In the past year, a few musicians got into PR and civil court problems with their record labels. In an unfriendly economy, sometimes a bad deal is seen as a deal  – and an alternative to a no deal situation – for musicians in an already saturated ecosystem.

These days, there are fewer record labels and this takes away the power of choice from artistes, leading them to take record deals that in the short and long run, negatively affect the musicians and their artistry.

The BeatFM Music day during #SMWLagos consisted of panels discussing the intricacies of the music industry in Nigeria – from management to inspiration and even touching on distribution.

Joey Akan, the former music editor at Pulse Nigeria and CNN contributor, bemoaned an absence of developed niche music markets to allow for music other than pop and hip hop.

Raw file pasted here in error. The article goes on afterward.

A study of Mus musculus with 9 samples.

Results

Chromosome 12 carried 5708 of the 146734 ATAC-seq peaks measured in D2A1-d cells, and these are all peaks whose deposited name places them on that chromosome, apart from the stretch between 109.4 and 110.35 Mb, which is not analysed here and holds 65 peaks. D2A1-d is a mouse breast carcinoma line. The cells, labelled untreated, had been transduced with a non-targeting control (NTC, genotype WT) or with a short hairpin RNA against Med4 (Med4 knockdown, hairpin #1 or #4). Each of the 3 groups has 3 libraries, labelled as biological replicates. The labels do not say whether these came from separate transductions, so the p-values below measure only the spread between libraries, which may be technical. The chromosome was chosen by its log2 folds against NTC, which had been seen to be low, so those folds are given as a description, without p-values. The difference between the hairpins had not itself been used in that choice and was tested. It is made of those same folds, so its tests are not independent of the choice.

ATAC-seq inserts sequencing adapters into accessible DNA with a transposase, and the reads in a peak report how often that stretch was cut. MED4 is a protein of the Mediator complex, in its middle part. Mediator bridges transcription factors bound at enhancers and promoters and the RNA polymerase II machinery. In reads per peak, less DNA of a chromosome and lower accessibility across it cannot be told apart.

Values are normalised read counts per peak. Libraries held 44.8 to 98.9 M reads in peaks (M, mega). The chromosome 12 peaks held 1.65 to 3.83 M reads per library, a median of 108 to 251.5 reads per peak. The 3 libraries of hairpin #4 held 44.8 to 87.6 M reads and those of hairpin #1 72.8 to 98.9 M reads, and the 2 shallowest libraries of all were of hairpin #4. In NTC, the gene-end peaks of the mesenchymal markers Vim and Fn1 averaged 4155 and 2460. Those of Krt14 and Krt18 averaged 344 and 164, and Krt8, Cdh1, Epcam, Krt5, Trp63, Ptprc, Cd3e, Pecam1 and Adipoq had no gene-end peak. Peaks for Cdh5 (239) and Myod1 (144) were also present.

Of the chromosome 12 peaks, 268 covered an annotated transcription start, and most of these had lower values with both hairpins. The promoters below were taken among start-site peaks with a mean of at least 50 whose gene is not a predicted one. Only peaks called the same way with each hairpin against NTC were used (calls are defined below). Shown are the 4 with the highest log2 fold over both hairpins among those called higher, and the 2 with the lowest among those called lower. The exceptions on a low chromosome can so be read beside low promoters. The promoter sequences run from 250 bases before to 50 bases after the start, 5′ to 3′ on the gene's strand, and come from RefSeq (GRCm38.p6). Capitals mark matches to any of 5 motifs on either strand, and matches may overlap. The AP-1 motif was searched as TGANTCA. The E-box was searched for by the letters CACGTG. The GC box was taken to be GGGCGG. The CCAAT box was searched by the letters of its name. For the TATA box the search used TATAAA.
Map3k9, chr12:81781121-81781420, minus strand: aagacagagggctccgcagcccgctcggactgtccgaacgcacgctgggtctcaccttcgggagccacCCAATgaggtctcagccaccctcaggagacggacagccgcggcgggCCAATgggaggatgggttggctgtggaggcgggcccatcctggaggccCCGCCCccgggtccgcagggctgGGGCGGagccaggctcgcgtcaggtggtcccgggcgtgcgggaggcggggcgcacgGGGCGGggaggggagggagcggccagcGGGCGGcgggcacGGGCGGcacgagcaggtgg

As music moves online, Nigeria does not have enough of a digital presence to mount a serious move to sell music digitally. The gatekeepers of Nigerian music, especially with the repatriation of funds these days, are the old guys from Alaba selling the hard copies.

Already there is a noticeable absence of African music in the official playlists on the popular streaming platforms like Apple Music and Spotify.

But the days are getting better. More Nigerians are getting on the internet as access and social media is becoming democratic.

These days, Nigerian musicians are now making music for themselves – introspective and honest. Named alte, for alternative, they are growing and they are becoming a force to be reckoned with.